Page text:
Thailand is a beautiful place. Thai culture is so inextricably intertwined with beauty that one cannot mention the word Thai without thinking of lush exotic places and colors, ornate golden architecture, and richly satisfying cuisine. All of what means to be Thai is wrapped in a bejeweled package, where layers upon layers delve into greater beauty and intricacy.
Walking around Bangkok’s, The Grand Palace and Temple of the Emerald Buddha, -where foreigners go to awe at the beauty and natives go to make requests of the tiny golden Buddha- one can see the visual manifestation of the root of Thai culture. The palace, like the culture itself, is a smorgasbord of design, color, texture, and detail. Pairing both clean and curvilinear lines with myriad finials and finishes, there is so much to see that if you returned repeatedly for years you’d never see it all -a reality true of Thailand in general.
Thai culture, like their rich food and ornate architecture, is indulgent, in a way. Yet it feels not like the bloated opulence of Western palaces, cuisines, and cultures. Thai culture is bejeweled and grandiose, yet has a grounded feeling that is one with the earth, a dirtiness, perhaps, that epitomizes its realness -as if it were built of mud rather than stone, or were a clean, beautiful girl walking through wet, dirty streets in a priceless gown that, with each step, colors and tatters the dress at its base, connecting the girl to the street and yet leaving the crown of her beauty unscathed, even providing tender contrast. Thai beauty is rooted in the culture of the earth and stands out against its surroundings, not as a starkly alien object, but as simply the earth’s manifested beauty.
Like a good Pad Thai -served garnished on top with a fresh cut lime, clean white bean sprouts, spritely green onions, red pepper, sugar, and vinegar, all the ingredients become mixed into what was the substance of the underneath noodled mass such that the lime is used up, the sprouts and onions darken and wilt, the red pepper stains all with its color, and the others simply dissolve with no visible trace. What you get from the amalgamation you taste in intricacy of flavor. Yes, the appearance changes and becomes something different, but the true gem is in the pleasure of the taste. Indeed, the recognition and appreciation of pleasure is what drives this creative indulgence, whether it be architecture or food. Thais, I believe at their core, truly appreciate sensory pleasure and happiness, whether it be visual, gustatory, or otherwise. Thailand is not called “the land of smiles” for nothing.
Furthermore, in contrast to more westernized places where you feel from people a real sense of singularity -an independence of going about rooted in one’s own mind and experience- it seems Thais are always with one another, moving and experiencing things as a group -or you could say as a family. Friends are, indeed, regarded more like family, a family that spends all their free time together. Extrapolating this, one could say it’s proof of love and happiness for one another. People here go about not alone in the world, but with a myriad of caring others. There is this friendly humanism about Thai people that is as if everyone is either friend or acquaintance.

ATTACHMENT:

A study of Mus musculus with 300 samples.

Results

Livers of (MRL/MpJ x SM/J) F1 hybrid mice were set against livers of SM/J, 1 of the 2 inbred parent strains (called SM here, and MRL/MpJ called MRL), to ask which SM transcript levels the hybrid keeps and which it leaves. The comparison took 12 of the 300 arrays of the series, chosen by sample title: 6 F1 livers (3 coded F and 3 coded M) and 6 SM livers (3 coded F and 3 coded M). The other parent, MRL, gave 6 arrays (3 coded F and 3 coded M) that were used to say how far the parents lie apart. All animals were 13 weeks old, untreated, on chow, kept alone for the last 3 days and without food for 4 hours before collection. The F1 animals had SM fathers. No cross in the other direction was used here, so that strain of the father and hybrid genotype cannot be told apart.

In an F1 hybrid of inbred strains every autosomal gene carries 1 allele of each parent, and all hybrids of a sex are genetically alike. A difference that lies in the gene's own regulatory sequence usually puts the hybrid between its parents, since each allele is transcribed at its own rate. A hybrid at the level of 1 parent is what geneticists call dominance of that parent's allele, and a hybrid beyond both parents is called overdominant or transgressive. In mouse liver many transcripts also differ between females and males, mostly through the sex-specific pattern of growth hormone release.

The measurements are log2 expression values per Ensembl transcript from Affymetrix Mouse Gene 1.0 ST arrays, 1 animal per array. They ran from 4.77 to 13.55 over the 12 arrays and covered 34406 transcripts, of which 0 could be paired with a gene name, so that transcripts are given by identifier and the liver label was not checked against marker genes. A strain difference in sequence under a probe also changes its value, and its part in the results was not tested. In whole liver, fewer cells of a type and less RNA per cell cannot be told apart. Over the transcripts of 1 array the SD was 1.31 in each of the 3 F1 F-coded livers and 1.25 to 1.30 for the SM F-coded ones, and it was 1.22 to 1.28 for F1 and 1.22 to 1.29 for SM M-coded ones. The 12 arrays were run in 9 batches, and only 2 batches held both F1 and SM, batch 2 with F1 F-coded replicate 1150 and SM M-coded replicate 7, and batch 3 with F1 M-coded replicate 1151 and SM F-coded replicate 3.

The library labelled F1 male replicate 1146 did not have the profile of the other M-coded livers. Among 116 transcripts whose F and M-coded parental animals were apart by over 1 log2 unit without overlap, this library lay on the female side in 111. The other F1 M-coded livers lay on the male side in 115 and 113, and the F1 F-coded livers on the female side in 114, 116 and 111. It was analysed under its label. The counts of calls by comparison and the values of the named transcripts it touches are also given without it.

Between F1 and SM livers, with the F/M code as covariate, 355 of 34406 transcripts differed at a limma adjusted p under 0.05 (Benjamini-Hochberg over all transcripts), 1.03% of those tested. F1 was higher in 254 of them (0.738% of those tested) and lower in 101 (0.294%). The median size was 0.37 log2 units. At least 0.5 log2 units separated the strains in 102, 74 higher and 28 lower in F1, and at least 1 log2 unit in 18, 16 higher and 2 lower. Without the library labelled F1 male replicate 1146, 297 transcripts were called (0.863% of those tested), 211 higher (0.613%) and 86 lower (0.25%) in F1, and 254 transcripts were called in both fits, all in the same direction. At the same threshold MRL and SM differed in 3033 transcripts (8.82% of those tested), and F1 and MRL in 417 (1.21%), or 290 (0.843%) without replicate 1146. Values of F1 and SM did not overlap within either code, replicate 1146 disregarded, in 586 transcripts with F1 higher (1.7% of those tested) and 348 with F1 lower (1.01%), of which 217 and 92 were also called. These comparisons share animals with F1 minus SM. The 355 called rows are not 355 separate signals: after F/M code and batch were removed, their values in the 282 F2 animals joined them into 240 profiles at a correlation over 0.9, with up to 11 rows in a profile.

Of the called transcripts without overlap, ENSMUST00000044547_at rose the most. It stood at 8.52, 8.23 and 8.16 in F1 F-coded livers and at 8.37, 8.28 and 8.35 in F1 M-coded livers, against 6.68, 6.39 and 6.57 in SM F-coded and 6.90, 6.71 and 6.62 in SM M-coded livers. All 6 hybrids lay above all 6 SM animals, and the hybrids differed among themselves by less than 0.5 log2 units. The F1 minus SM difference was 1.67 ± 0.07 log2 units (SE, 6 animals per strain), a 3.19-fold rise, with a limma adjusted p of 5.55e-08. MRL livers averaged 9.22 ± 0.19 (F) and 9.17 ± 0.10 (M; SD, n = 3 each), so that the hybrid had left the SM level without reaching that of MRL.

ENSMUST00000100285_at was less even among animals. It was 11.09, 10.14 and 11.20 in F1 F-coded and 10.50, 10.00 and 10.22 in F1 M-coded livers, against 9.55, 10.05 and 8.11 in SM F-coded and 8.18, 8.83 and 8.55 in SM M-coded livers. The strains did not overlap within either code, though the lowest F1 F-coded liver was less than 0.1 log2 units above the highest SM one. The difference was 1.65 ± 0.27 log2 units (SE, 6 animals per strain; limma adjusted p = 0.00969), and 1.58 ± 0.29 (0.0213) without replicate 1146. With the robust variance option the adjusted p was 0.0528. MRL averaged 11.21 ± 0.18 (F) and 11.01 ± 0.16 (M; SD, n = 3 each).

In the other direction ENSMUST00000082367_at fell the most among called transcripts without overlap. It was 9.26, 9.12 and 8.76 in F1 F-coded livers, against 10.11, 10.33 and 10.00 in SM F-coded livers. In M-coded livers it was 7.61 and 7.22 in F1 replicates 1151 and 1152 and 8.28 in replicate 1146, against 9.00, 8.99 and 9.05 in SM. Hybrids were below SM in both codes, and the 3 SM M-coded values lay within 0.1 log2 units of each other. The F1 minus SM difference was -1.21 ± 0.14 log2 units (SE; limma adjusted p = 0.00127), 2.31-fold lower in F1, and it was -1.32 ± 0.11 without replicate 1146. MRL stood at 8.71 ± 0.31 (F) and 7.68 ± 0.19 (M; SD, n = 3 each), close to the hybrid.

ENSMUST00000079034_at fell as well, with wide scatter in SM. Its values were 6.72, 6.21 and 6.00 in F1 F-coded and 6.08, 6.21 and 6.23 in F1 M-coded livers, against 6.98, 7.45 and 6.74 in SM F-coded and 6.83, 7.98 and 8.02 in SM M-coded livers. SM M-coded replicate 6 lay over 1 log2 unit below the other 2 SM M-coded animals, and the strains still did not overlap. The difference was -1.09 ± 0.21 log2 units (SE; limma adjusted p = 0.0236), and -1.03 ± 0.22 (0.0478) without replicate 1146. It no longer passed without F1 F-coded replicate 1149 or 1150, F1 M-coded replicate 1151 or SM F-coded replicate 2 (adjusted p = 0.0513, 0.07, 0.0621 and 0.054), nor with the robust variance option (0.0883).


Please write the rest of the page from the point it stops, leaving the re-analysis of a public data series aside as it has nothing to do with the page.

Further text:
Now I’m not saying that everyone is friendly or treats me like a family. Often, if not always, I’m charged more for things simply because of the color of my skin. And though everywhere I go people tell my I’m beautiful, perhaps they could also be speaking badly of me behind my back; but still, for me, Thai people seem generally nice and good natured -like they would rather help me than hurt me, even though they’d like also something in return. I just don’t so much see here the pissed-off, spiteful, lonely individuals who feel affronted by any small encounter that I’m so used to seeing in Western places -and particularly in America. And from this vein of closeness, it seems Thais believe in no such thing as personal space. Like a family, food, money, housing, and transportation are shared, and it is common for playful and pragmatic touching of one another.
In a platonic yet caring way, the sanctity of my physical isolation has been breached more times in two weeks than in the previous two years. Western people don’t generally touch each other unless prescribed by appropriate situations, such as greeting, parting, or special occasions of grief or gratitude. Yet touching ones hand or arm to lead in a direction or as an emphatic gesture feels thoughtful, genuine, and connected, like you’d be with family and friends. And touching strangers on the back of a motorbike or on a subway, is absolutely normal here as well; and perhaps it should be, being simply people moving about in unison with one another.
In this place, where people are more naturally human, it’s only normal the Thai fascination and regard for beauty and pleasure. What is further natural, Thais do not create order out of chaos. They leave the disorder, uncleanliness and realities of the environment to build something, at their timely discretion, on top of it. If one can relax into patiently abiding the lackadaisical flow of progress, then one can rise above things seeming haphazard and thwarted, to see beautiful patterns and infinite nuance of the system. Like the thousands of crowded little streets, alleyways, inlets and corners of Bangkok’s sprawling city, Thailand and Thai culture is permutation after permutation billowing and folding unto itself with a grandiosity ever grounded in the muck of real existence. Thais know and accept what it means to be a human with bare feet on the ground, ever sweating, smiling, and surrounding oneself good food and camaraderie. Just like the architecture, it creates something beautiful out of the earth.